It’s maternity leave time! You should definitely be thinking about winding things up at work. Most commonly, women work until 36 weeks, but do what suits you, your budget and your health. From now until the birth, your baby is mostly concerned with gaining weight, and is about the size of a bunch of celery. Your baby won’t grow in length much more from now, it will just get heavier.
Your baby should weigh at least 2 kilos by now. Everything should be in place and functioning, 97% of babies are positioned head down and ready for delivery. If your baby is still head up your doctor or midwife may manually try to manipulate the baby to turn using external massage. If this doesn’t work you may need to schedule a caesarean in a few weeks time.
As the baby gets heavier you may feel a tingling or numbness near your hips, triggered by their extra weight pressing on your nerves. When your baby moves you may see your belly moving and jumping.
Your doctor has probably checked that the baby’s head is down and ready to go. If your baby’s head is down you may notice people commenting that you’ve ‘dropped’ or are ‘carrying low’. This is all normal, as baby is getting ready for their arrival. If your baby is not ‘head down’ you doctor may be starting to discuss a ‘breech birth’ with you. If your baby is breech, you may still be able to give birth naturally, but it depends on what type of breech the baby is. To learn more about breech babies, read this article.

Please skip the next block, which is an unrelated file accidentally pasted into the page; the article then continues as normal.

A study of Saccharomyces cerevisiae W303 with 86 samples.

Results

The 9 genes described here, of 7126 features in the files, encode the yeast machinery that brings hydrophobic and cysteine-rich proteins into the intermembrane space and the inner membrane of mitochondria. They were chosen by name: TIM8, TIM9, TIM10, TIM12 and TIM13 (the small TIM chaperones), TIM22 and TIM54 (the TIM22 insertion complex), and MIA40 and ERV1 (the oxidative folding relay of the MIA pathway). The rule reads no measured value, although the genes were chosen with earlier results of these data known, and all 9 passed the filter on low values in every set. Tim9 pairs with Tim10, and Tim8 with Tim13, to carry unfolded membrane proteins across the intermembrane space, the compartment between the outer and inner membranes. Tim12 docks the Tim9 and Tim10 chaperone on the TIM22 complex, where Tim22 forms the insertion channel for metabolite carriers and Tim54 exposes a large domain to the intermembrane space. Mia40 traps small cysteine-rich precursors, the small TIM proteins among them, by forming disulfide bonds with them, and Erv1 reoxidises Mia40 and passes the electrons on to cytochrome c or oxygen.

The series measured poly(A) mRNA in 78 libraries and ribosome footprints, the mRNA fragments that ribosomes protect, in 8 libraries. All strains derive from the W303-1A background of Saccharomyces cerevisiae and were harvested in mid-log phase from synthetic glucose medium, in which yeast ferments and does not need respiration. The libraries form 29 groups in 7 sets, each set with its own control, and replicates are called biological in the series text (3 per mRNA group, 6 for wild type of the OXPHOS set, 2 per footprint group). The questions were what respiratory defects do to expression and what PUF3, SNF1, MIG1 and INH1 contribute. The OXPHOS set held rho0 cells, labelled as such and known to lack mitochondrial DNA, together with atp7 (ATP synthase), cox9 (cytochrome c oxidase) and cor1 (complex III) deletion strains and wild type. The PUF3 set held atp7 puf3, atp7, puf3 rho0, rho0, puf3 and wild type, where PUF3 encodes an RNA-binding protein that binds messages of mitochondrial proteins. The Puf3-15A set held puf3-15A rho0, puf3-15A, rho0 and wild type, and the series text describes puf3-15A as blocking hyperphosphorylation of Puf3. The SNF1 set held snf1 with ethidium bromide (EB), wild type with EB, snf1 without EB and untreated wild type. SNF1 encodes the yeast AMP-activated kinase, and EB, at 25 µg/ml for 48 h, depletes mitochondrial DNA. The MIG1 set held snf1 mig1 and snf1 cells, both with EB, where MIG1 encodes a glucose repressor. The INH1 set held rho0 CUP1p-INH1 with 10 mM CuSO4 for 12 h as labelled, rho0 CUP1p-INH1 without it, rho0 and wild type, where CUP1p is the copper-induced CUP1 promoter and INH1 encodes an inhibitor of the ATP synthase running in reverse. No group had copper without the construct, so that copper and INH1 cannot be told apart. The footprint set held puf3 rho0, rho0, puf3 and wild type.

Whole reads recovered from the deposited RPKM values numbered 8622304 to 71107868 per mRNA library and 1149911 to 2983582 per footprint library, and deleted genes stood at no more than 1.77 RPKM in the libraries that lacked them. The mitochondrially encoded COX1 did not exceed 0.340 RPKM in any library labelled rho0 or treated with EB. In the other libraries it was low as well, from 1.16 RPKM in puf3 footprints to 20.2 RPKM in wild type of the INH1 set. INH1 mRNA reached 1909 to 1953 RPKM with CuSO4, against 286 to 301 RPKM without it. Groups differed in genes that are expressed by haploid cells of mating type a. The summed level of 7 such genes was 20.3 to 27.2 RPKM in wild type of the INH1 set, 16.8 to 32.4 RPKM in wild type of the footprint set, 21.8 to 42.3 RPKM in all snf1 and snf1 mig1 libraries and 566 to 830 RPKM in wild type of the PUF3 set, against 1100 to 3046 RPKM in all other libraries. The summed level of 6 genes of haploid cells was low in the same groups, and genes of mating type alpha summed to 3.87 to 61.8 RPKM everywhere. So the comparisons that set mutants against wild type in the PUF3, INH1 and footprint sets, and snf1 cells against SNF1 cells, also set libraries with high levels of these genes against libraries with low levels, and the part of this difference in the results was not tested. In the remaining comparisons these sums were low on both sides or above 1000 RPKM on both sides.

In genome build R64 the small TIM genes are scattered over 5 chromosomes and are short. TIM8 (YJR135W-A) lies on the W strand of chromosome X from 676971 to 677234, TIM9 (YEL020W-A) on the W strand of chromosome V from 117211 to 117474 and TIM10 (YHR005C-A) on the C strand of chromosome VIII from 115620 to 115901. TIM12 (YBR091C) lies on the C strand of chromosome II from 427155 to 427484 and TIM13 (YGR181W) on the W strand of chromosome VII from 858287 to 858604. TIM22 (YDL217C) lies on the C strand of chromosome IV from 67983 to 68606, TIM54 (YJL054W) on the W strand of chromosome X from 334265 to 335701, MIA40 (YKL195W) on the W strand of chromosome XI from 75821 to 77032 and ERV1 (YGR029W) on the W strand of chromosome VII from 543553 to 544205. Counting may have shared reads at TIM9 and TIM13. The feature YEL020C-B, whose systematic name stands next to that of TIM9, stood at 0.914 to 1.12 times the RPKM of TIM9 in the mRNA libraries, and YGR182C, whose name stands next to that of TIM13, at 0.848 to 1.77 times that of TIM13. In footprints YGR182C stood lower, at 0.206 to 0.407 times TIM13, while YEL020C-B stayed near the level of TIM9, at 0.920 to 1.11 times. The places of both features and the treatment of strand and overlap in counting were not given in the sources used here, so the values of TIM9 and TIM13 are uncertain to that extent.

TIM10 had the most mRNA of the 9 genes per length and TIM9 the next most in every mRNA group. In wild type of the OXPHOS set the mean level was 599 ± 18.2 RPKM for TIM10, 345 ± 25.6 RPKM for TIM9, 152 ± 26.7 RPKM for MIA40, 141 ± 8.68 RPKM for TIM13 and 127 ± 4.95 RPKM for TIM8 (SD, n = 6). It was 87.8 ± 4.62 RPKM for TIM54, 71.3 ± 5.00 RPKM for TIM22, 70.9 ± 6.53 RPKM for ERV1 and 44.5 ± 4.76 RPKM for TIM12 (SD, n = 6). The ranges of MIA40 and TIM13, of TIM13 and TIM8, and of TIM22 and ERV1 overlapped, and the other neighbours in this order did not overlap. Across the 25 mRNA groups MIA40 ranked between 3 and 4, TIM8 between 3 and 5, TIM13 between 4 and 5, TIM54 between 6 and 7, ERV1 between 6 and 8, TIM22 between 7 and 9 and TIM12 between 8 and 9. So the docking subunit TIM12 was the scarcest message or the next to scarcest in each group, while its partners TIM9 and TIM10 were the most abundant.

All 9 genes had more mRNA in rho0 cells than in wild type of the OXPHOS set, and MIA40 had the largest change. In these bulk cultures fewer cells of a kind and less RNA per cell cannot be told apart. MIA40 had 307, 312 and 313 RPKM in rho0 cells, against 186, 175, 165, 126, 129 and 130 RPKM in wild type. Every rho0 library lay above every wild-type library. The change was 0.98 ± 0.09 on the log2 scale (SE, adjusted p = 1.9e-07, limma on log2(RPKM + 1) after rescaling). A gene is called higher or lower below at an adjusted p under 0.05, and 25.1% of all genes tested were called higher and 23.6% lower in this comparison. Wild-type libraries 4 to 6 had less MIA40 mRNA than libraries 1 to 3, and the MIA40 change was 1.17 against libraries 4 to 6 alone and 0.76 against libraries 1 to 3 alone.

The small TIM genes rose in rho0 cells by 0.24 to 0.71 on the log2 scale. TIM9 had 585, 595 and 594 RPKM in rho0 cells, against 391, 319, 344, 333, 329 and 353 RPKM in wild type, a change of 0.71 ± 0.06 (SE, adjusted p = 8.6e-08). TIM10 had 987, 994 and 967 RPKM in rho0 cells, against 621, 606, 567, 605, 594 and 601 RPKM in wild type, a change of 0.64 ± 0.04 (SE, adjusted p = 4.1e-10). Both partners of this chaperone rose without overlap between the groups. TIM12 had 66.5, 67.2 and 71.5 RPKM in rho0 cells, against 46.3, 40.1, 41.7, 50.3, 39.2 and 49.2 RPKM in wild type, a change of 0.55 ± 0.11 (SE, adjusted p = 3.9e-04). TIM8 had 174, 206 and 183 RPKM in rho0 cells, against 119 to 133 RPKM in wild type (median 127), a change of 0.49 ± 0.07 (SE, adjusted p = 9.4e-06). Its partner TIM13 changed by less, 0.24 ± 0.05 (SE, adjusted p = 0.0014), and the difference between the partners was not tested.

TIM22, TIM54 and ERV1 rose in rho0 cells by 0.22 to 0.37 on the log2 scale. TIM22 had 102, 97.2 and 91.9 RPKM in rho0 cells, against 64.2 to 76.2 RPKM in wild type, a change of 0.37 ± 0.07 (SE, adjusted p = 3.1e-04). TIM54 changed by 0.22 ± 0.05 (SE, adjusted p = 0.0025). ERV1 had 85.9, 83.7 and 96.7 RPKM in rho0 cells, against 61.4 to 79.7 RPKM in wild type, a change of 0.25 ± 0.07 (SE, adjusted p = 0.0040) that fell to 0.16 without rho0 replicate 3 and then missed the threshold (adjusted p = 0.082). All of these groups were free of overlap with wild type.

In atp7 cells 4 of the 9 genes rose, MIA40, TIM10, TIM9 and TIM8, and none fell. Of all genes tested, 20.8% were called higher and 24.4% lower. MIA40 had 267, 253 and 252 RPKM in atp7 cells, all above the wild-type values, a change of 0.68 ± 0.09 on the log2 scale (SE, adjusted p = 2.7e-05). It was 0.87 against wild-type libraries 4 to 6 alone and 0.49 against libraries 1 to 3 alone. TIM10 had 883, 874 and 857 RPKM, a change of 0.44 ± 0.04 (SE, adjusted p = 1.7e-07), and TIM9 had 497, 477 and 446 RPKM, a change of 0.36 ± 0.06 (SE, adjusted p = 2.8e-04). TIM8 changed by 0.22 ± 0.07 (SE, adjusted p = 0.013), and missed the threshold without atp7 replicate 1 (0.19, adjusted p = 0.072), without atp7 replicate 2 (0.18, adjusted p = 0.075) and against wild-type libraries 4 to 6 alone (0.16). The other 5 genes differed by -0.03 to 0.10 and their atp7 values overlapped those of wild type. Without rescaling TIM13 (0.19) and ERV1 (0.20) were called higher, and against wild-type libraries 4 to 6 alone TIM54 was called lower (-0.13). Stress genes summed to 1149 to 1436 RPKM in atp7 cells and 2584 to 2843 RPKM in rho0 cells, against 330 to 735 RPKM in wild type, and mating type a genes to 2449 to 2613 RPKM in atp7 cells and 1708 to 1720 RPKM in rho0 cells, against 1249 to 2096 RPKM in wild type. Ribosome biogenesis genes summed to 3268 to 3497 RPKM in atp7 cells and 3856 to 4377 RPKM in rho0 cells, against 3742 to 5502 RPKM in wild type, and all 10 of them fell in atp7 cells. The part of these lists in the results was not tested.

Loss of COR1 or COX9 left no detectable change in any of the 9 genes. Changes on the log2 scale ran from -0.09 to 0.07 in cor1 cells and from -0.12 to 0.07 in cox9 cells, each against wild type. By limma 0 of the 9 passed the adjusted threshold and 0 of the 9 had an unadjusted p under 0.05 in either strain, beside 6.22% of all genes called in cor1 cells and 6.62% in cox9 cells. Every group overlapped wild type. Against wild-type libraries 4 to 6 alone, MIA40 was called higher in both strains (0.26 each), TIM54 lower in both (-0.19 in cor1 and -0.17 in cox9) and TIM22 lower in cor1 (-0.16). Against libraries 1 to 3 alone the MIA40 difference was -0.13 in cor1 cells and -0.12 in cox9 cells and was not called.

At week 35, you’ll also be tested for Group B streptococcus (GBS). This is a bacteria that is present in the adult body and is usually harmless, but if it is passed on the baby it can cause them problems. It’s easy to treat, so there’s no need to worry about it, but if you’d like to read more about it, you can read this informative article. GBS is a type of bacteria that’s found in the digestive tracks of more than thirty percent of women. The test takes the form of a vaginal swab which you do yourself. If you test positive, you will be treated with antibiotics as this type of bacteria can harm the baby during delivery.
You might feel a little more puffy and swollen now so make sure you put your feet up as much as you can. A little bit of walking each day will also help get the swelling down. You might need to rethink your footwear. Slip on’s are a good option.
This is a good week to get a haircut so you can look your best in all the pictures that are going to be taken of you at the hospital!